I keep thinking of times that are long past,
by Boris Pasternak
Of a house in the Petersburg Quarter.
You had come from the steppeland Kursk Province,
Of a none-too-rich mother the daughter.
You were nice, you had many admirers.
On that distant white night we were sitting
On your window-sill, looking from high on
On the phantom-like scene of the city.
The street-lamps, like gauze butterflies fluttering,
Had been touched by the chill of the morning.
My soft words, as I opened my heart to you,
Matched the slumbering vistas before us.
We were plighted with timid fidelity
To the very same nebulous mystery
As the cityscape spreading unendingly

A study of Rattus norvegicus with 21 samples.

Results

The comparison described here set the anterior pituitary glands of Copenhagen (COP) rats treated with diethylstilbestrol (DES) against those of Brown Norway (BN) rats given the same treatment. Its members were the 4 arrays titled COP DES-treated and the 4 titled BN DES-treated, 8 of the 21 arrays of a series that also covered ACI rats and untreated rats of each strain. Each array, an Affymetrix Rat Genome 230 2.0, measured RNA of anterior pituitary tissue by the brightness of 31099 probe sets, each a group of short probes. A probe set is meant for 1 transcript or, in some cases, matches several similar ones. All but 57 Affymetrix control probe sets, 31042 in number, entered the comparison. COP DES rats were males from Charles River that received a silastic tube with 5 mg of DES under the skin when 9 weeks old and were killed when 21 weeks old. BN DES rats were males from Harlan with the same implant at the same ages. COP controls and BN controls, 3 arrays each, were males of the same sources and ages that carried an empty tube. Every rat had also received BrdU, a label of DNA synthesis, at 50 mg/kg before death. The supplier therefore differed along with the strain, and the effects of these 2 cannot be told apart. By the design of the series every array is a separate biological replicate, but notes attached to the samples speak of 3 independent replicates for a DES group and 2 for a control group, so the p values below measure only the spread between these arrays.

Far beyond the Neva, through the distances.
In that far-off impregnable wilderness,
Wrapped in springtime twilight ethereal,
Woodland glades and dense thickets were quivering
With mad nightingales' thunderous paeans.
Crazy resonant warbling ran riot,
And the voice of this plain-looking songster
Sowed derangement, ecstatic delight
In the depth of the mesmerised copsewood.
To those parts Night, a barefoot vagabond,
Stole its way along ditches and fences.
From our window-sill, after it tagging,
Was the trail of our cooed confidences.
To the words of this colloquy echoing
In the orchards beyond the tall palings
Spreading branches of apple and cherry trees
Swathed themselves in their pearly-white raiment.
And the trees, like so many pale phantoms,
Waved their farewell, along the road thronging,
To White Night, that all-seeing enchanter,
Who was now to North Regions withdrawing.